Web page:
A New York state court has granted the Sterling Mets, L.P. and the City of New York’s motion for summary judgment in a case where a plaintiff, Larry Rooney, alleged that he sustained personal injuries when he fell as he stepped off an allegedly defective curb near a parking lot outside of Shea Stadium.
He alleged specifically that Sterling and the City were negligent in their ownership, operation, maintenance and control of Shea Stadium and the subject curb.
Sterling and the City moved for summary judgment to dismiss the plaintiffs’ complaint on the following grounds: (1) the alleged condition was trivial in nature; (2) they did not create or have notice of the condition; and (3) there was no written notification of the alleged defect.
Although the court noted that the question of whether a defect was trivial or whether it is a dangerous condition is generally a question of fact for the jury, it stated that “[a] trivial defect on a walkway, not constituting a trap or nuisance, as a consequence of which a pedestrian might merely stumble, stub his toes, or trip on a raised projection is not actionable.” (citations omitted). Based on the evidence submitted by Sterling and the City, the court held that the alleged condition was trivial in nature and thus not actionable. In coming to her decision, Justice Flug relied upon the determination by Sterling and the City’s expert engineer that the missing piece of curb was three inches wide and three quarters of an inch deep, the photographs of the condition which depicted that it was not obscured from plaintiff’s vision especially in light of the fact that it was painted orange.
The court also concluded that there was no evidence that Sterling or the City created the condition concerning the missing piece of curb or had actual or constructive notice of the condition. Also, the City could not face liability for the condition because it had no prior written notification of the curb condition, a condition precedent to maintain an action against the City pursuant to the City of New York Administrative Code §7-201(c). Sterling and the City submitted a copy of the Big Apple Pothole Sidewalk Protection Corporation Map for the general area outside Shea Stadium before the date of the alleged accident that showed that there were no recorded defects outside the Stadium.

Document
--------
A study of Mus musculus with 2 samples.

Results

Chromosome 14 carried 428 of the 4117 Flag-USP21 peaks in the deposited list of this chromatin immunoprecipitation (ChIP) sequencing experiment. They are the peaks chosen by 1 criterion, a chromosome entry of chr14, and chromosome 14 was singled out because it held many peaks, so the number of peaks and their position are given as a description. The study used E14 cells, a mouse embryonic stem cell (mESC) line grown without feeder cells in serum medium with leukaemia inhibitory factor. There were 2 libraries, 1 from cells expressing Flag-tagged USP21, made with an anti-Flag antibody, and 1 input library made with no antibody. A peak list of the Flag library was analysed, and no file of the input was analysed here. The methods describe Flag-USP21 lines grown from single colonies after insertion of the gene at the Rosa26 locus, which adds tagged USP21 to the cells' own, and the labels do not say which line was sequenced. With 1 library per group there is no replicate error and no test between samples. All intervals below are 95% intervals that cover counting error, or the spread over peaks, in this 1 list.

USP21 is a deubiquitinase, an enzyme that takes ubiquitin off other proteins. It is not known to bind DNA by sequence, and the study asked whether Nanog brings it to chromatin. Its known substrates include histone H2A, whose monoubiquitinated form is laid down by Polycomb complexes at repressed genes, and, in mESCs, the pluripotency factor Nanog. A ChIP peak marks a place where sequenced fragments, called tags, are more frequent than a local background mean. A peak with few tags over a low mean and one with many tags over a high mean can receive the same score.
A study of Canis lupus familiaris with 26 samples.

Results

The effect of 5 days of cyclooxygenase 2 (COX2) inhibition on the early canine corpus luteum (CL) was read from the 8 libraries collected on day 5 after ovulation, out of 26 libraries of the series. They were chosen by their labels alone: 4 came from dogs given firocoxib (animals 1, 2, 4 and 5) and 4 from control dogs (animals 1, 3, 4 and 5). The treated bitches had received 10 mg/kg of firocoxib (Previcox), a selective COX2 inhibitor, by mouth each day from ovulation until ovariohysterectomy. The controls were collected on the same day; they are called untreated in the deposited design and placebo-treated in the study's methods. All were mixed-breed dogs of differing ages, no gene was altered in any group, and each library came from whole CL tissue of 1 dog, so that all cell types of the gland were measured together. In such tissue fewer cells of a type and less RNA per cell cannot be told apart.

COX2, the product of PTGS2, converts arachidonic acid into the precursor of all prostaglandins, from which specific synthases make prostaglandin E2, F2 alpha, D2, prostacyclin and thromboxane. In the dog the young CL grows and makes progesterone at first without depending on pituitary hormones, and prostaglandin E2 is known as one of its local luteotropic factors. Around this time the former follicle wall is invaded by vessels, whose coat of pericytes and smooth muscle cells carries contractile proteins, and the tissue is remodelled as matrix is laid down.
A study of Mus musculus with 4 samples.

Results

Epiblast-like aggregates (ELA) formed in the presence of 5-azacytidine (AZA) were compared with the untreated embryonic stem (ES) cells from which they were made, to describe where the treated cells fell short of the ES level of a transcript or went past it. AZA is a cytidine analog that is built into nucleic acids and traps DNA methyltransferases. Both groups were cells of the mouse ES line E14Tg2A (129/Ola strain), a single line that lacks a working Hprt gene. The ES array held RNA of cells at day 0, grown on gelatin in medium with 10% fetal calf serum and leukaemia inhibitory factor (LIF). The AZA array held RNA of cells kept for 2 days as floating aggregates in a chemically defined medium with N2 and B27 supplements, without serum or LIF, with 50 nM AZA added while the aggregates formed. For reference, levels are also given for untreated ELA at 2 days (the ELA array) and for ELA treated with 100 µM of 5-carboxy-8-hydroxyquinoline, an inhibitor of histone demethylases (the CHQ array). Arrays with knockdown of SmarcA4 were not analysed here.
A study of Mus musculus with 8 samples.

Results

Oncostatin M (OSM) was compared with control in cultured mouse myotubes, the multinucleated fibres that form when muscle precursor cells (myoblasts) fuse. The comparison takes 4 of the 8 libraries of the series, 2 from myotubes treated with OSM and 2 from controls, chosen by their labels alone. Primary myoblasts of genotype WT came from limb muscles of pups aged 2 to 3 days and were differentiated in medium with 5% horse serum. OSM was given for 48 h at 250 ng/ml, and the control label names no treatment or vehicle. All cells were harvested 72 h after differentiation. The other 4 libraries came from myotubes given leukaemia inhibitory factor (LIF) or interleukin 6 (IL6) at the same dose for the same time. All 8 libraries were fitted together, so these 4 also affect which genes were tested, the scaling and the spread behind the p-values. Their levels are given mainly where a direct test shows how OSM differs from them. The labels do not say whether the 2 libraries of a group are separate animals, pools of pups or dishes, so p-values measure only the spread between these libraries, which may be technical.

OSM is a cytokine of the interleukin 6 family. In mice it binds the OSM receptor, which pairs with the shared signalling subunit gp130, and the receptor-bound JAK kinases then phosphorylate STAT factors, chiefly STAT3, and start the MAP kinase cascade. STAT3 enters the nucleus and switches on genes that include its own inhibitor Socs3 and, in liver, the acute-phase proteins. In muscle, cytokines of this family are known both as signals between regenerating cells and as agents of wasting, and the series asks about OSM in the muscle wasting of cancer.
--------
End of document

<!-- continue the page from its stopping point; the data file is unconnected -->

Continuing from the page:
In addition, the court found that there was only speculation that the missing piece of curb caused the plaintiff’s accident. The plaintiff admitted that he did not notice the missing piece of curb until he got off the ground five minutes after he fell and looked around to determine what caused him to fall, admitted that he was overweight, had an asthmatic condition and sometimes had difficulty walking. The court stated that “[u]nder these circumstances, where there are several equally plausible explanations for the accident, and no competent admissible proof, only speculation, as to the cause of the accident, defendants’ motion for summary judgment is properly granted.” (citations omitted).
The court rejected the affidavit of the plaintiffs’ purported engineering expert because the plaintiffs did not identify their expert during pre-trial disclosure and only did so after they filed their Note of Issue, certifying that all discovery was completed. The court also stated that the affidavit of the plaintiffs’ engineering expert did not create a question of fact because he inspected the curb approximately two years after the date of the alleged accident and because the photographs the expert relied upon did not depict the missing piece of curb was “over one inch” as claimed by the plaintiffs.
Larry Rooney v. Sterling Mets, L.P. and The City of New York; Supreme Court of the State of New York, Queens County; Index Number 5583/06; 1/28/08
Attorneys of Record: (for defendants) Carla Varriale and Jarett L. Warner of Havkins, Rosenfeld, Ritzert & Varriale, L.P. and the City of New York.